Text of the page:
Two TTU engineering faculty honored for contributionsPioneering research in robotics and substantive contributions in teaching, research and service have resulted in significant honors for two faculty members in the College of Engineering at Tennessee Technological University.
Sastry Munukutla, a professor of mechanical engineering with Tennessee Tech's Center for Electric Power, has been named this year's recipient of the college's Brown-Henderson Outstanding Faculty Award, named in honor of Engineering Dean Emeritus James Seay Brown and in memory of James Henderson, the college's first dean.
Ahmad Smaili, assistant professor of mechanical engineering, is the 1996 recipient of the Kinslow Research Award, which recognizes the research paper judged most scholarly, insightful and significant in contributing to the advancement of engineering knowledge. Both were recognized during the college's annual Engineers Week Banquet.
Outstanding college professors teach, conduct research and engage in professional service activities, and the philosophy behind those three responsibilities is that each enhances the others to the benefit of students, the academic community and society as a whole. To the faculty and students who nominated him for the award, Munukutla represents that ideal: a faculty member who has contributed much as a teacher, researcher and professional.
Highly regarded by students, Munukutla has excelled in teaching both undergraduate and graduate courses, consistently receiving excellent evaluations. Students turn to him as a mentor and friend, and he has directly influenced the work of 19 master's and four Ph.D. students, whom he supervised.
In research, Munukutla has been responsible for an array of projects and programs that total more than a million dollars in external funding. These efforts have engaged colleagues and external funding partners in collaborative, multidisciplinary work, and many have involved both undergraduate and graduate students. A testament to the academic merit of these efforts is that many have resulted in publications in refereed journals and conference proceedings. Equally significant, the work was conducted in tandem with a number of utility companies and related associations ranging across the midwestern and eastern United States -- organizations the Center for Electric Power was created to assist.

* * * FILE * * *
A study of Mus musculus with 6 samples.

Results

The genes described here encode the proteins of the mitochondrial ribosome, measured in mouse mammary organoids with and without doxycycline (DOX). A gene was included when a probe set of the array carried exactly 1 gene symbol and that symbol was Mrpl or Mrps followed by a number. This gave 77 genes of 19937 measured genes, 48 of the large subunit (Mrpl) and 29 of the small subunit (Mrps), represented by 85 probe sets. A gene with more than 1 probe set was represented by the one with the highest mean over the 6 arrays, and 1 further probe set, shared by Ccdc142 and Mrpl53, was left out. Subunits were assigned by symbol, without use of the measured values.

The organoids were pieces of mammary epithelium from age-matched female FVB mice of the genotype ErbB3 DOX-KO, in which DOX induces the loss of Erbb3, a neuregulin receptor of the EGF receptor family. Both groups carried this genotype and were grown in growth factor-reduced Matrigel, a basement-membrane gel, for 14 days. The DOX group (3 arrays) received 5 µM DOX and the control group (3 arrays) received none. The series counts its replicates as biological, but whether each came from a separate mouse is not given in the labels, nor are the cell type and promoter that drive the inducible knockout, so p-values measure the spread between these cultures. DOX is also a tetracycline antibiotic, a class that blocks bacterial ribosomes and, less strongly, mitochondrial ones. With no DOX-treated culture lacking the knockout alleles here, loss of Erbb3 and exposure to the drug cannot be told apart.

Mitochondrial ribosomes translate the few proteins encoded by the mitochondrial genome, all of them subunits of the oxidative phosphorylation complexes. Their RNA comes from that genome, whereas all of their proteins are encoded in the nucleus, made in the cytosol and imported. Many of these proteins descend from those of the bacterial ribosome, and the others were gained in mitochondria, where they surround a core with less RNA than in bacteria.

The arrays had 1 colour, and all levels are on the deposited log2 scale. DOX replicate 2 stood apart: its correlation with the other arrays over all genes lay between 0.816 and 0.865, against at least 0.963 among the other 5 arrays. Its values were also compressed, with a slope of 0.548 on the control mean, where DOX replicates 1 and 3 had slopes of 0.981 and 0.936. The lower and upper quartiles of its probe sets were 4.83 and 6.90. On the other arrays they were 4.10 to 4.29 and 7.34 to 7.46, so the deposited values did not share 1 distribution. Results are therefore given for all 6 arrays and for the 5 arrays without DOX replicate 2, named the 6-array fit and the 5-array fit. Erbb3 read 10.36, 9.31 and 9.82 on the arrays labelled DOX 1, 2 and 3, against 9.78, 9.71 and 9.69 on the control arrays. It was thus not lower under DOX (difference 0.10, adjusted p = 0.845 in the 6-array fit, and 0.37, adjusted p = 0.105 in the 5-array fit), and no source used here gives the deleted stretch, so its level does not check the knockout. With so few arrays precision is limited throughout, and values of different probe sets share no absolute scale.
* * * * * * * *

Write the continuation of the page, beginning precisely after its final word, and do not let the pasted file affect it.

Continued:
In the area of service, Munukutla has made substantial contributions to the American Institute of Aeronautics and Astronautics, which elected him as an associate fellow and presented him with a Booster Award.
The publication that won Smaili the Kinslow Research Award introduces the idea of a new class of linkage arms that Smaili calls robomechs. A robomech combines elements of a robot and a mechanism, but it differs from both by having more than one end effector, a device able to act on electronic impulses in a manner similar to the way the muscles of our hands respond to neural signals. Each end effector can carry a different tool, enabling the robomech to perform coordinated multifunction tasks that neither a single mechanism nor a single robot can do. This new concept provides a new class of mechanical arms that can do more with less when used in a wide range of applications such as assembly, packaging, material handling and other manufacturing processes.
In his paper, Smaili introduces features of robomechs, identifies geometric constraints and synthesis procedures, and provides an example of an application. His paper appeared in the refereed publication Journal of Mechanism and Machine Theory in February 1995.
Such groundbreaking research carries on the tradition of Ray Kinslow, whom the award honors. Kinslow taught at Tennessee Tech for 32 years, serving as head of Engineering Science and Mechanics for 25 years. In addition to excelling in education and administration, he was a prolific researcher, particularly in the area of hypervelocity impact. Smaili's Kinslow Award-winning paper will be submitted as Tennessee Tech's nominee for the Outstanding Contributions in Research Award presented by the 1996 Southeastern Section of the American Society for Engineering Education.